Another Day of It

It starts early these days – no alarm clock is needed.

First things I hear are the outside sounds coming in –

blue jays and squirrels scratching, scurrying, squawking

wanting their breakfast, the handfuls of peanuts we

toss out for them, and our human neighbors do their

share too, going to work, opening and closing their various

possessions, talking in stage whispers. It starts early

this hill of hours to climb, this ocean of words to cross,

to swim, to paddle, to get over, then thereÕs this endless

string of ideas going nowhere, ideas to trip on, ideas to

choke on, this endless game I play to make the day seem

shorter and not wasted, winner and loser IÕm sitting here

in my own dugout, the catbirdÕs seat, this dunceÕs chair.

As I said, it starts early these days, for some reason it gets

me up, makes me go through the motions, makes me make

these shadow puppets on the wall over my desk, makes me

make them dance and whirl, they Punch and Judy my morning,

give it shape without meaning. It starts early these days and

continues on day after day this way: early, late, somewhere

in between, I know IÕve seen it all before and will again.



While hope hangs in a nearby closet

awaiting its relevance, charity hangs

out on the corner, open, public, hand

out, demanding attention. His sign

scrap cardboard, poorly written, poorly 

inked ÒGod BlessÓ and his various needs, 

needs we all recognize as the same ones 

we would feel in his place. His place he

knows fits the seasons, fall now and soon

will be winter, one form of cold for yet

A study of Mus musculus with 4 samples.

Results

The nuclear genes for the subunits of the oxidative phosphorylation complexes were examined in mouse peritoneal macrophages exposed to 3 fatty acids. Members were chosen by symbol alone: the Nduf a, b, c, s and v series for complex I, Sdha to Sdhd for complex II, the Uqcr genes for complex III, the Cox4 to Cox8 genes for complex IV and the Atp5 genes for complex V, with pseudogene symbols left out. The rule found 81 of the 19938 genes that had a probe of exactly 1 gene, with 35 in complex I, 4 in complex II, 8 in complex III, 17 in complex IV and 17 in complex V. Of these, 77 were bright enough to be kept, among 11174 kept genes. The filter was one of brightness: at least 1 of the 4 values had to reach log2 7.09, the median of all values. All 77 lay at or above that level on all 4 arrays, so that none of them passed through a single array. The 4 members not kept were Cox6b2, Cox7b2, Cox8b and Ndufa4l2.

another. HeÕs out there, while his two

companions, faith and hope have found

suitable shelter, ready to be pulled out

when needed. HeÕs out there, hand out

vaguely remembering Paul saying that

he/they would remain forever, but he

confuses his place in the mix, the greatest

Paul said and then left him to this. Another

car goes by with nothing – he gives them

the finger and says his form of amen aloud.



I remember those Saturday matinees.

Those were the days, double features, 

monsters, gangsters, various war stories,

more action than our imaginations, our 

lives needed. So many ways to be heroic 

somewhere else, or victims, the villagers, 

the corpses they created and tripped over. 

We gathered, lined up even, rain or shine, 

whatever our weather could invent for us. 

Thirty-five cents and we were gone, three 

hours, maybe four hours at a time – whole 

afternoons devoured by what Hollywood 

thought of our world, our lives. It would be 

getting dark sometimes when we rushed 

home being pursued by things left over 

from the movies weÕd watch, caught up in 

our escape until we were at home where 

our own very real dangers and monsters 

were still waiting for our return.


                           Finishing Up

ItÕs always great when we finally finish, lean back, 

think back to the beginning, survey all weÕve done, 

accomplishments and setbacks, things we would do 

differently if we had only known, things we will do 

differently if ever have to do this again. ItÕs odd how 

we finally get good at something just as it ends. We 

gather together the things we used to do the job, place  

them carefully where they will be ready next time, if 

a next time ever comes. Then we might/can wash up, 

literally and/or figuratively wash away any dirt the task 

left on us. After that we might/can step outside, away

from it all, take a deep breath and begin to wonder what 

weÕll need to do next and what it will demand of us.

© J. K. Durick 

Bio: J. K. Durick is a retired writing teacher and online writing tutor. His latest writing project is writing a poem a day during what seems like this endless pandemic – itÕs in the two hundreds now. His recent poems have appeared in Literary Yard, Black Coffee Review, New Feathers Anthology, Synchronized Chaos, Madswirl, and Highland Park Poetry.